The Unified Silla period was the golden age of Korean Buddhism and of its sculpture. In the 8th century Korean Buddhist images were modelled closely on Tang dynasty Chinese prototypes, but gradually a Korean aesthetic began to assert itself. With time, sculptures become flatter and more linear, as in the present example. The large head and squared, flattened face are also typical of Korean sculpture as it evolved during the Unified Silla period.
There are hundreds of gilt bronze Buddhas surviving from the early Koryo, but almost no two statues are alike; individuality seems to be one hallmark of Korean Buddhist sculpture. Most of the gilt bronzes are small; only about a half dozen are large, anywhere from 35-40 cm., not including a pedestal, which is almost always missing. The Buddha shown here measures 46.2 cm. including its base; the figure alone (not including the tang protruding from the feet) is 35 cm. A Korean gilt bronze of the same size (40.5 cm. including tang), dated to the early 10th century, was acquired by the Metropolitan Museum of Art in 1986 (see Hyung-min Chung, "Quiet Assertions: Korean Art at the Metropolitan Museum of Art, New York," Orientations Vol. 19, No. 1 [January 1988], fig. 2, p. 17). There is also a standing Buddha with close stylistic affinities to the present example in the Asian Art Museum, San Francisco, dated to the 9th century. (See The Avery Brundage Collection: Chinese, Korean and Japanese Sculpture, Asian Art Museum of San Francisco, 1974, pl. 192.)
The pedestal type with a lotus pad supported by a circle of trefoil leaves on a two tiered base is known from several Unified Silla bronzes; an obvious prototype is an 8th-century standing gilt bronze Buddha (H. 35 cm. including base) excavated in 1975 from Anap Pond, within the Silla royal palace compound in Kyongju, and now in the Kyongju National Museum (illustrated in Kankoku kodai bunkaten [The Ancient Korean Arts: Quintessence of 1,000 Years of Silla], organized by The National Museum of Korea, exh. cat., Tokyo: Chunichi shimbun, 1983, Pl. 117.) The Anap Pond statue, earlier in date, is more fluid in the modelling of its drapery and more realistic in the suggestion of the rounded, fleshy volume of its legs.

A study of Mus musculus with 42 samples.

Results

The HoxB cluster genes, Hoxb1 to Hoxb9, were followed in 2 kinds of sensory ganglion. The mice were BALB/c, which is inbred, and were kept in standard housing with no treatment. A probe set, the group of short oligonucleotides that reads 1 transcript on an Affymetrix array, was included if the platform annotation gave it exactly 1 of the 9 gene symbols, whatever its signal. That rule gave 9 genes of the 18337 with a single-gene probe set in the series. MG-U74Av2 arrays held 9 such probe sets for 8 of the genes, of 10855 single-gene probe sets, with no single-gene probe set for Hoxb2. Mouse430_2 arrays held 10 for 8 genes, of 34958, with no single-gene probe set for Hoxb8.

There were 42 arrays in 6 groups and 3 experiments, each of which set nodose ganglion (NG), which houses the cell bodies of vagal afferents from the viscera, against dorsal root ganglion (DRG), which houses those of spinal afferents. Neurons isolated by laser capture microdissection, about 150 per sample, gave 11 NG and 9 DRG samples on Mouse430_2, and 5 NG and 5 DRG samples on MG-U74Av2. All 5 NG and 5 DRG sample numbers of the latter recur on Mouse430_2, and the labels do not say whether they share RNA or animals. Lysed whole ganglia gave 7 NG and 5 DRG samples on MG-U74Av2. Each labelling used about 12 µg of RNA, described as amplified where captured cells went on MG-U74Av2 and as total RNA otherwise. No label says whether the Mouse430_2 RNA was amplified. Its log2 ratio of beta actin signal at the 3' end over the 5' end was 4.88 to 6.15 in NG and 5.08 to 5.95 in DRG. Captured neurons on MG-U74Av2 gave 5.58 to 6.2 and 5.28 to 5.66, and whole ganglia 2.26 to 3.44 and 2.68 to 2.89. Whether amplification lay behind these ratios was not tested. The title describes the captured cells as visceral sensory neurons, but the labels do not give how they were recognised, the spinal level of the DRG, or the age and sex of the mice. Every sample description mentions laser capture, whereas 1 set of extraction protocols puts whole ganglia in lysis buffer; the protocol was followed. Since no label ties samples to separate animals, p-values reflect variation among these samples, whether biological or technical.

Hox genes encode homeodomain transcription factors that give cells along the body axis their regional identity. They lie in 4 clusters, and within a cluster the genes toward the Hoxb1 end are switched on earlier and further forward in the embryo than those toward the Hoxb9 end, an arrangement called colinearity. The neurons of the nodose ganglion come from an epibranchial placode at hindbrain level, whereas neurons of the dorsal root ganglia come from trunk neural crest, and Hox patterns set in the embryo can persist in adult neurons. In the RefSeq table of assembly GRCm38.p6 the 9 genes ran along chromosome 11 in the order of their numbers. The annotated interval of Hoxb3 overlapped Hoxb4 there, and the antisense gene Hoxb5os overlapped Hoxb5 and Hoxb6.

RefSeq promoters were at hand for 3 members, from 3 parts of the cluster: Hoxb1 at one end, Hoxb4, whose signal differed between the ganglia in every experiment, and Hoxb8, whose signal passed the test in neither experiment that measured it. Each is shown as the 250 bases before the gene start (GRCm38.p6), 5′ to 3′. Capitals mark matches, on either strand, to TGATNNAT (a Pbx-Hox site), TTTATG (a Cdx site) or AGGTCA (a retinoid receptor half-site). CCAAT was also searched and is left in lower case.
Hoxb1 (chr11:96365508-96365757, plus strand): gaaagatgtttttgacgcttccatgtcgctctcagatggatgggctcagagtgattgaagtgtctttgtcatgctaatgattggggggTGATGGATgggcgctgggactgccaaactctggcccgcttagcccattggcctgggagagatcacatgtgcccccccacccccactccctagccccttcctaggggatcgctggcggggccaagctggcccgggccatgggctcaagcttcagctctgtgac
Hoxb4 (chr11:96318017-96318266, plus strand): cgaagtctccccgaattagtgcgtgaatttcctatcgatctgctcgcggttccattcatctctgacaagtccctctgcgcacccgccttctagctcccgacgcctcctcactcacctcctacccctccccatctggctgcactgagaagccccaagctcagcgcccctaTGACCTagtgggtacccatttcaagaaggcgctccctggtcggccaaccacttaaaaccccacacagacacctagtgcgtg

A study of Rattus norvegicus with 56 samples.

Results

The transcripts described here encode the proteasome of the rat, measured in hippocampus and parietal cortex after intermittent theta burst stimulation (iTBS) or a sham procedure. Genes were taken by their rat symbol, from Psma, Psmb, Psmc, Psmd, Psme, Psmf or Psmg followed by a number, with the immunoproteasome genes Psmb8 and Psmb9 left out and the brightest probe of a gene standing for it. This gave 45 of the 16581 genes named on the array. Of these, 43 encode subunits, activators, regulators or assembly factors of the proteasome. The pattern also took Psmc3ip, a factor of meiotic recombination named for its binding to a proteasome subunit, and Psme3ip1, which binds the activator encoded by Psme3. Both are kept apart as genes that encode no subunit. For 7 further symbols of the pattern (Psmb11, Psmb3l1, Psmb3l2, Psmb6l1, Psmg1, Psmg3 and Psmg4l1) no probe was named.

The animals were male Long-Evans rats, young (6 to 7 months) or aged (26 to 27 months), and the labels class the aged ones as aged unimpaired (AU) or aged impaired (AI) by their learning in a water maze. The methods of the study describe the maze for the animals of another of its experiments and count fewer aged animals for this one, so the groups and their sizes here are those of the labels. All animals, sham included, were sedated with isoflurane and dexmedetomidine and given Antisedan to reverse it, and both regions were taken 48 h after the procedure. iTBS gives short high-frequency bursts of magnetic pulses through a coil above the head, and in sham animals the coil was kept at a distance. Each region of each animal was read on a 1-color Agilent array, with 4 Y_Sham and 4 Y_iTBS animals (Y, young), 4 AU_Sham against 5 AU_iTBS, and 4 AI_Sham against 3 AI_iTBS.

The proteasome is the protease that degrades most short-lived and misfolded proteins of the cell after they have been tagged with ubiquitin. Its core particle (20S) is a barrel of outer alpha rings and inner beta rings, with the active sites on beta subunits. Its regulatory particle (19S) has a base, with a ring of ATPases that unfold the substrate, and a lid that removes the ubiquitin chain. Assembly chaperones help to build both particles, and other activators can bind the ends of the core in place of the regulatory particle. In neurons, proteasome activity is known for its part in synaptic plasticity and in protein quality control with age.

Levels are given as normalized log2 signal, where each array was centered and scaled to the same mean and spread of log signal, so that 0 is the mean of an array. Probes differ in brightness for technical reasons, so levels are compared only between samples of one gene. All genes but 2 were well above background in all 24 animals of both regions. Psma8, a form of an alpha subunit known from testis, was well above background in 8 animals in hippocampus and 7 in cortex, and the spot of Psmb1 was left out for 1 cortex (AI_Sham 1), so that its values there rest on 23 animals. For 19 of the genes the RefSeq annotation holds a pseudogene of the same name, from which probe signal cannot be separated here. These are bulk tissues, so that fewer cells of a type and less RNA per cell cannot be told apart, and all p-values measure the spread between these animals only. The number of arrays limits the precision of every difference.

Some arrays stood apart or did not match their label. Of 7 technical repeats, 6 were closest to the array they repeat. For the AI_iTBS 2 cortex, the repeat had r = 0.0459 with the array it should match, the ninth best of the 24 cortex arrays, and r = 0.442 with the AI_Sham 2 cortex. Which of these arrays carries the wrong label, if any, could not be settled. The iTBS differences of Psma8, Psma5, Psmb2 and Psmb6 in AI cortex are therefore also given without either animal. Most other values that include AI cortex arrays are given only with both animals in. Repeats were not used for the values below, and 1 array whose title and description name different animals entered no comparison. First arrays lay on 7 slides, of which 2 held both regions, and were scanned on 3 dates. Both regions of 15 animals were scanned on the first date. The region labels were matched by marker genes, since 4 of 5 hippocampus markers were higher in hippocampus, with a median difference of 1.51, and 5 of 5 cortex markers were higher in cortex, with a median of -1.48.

Traces of original gilding remain to accentuate the patination of the bronze. Large openings at the back of the head and body show that it was cast in one piece, a technique characteristic of the Unified Silla period. Tenons for affixing a separately cast mandorla were originally attached to the back; these are now lost, as is usually the case.
The large size of the image suggests that it may have been a very important devotional object for private worship, commissioned by a wealthy patron.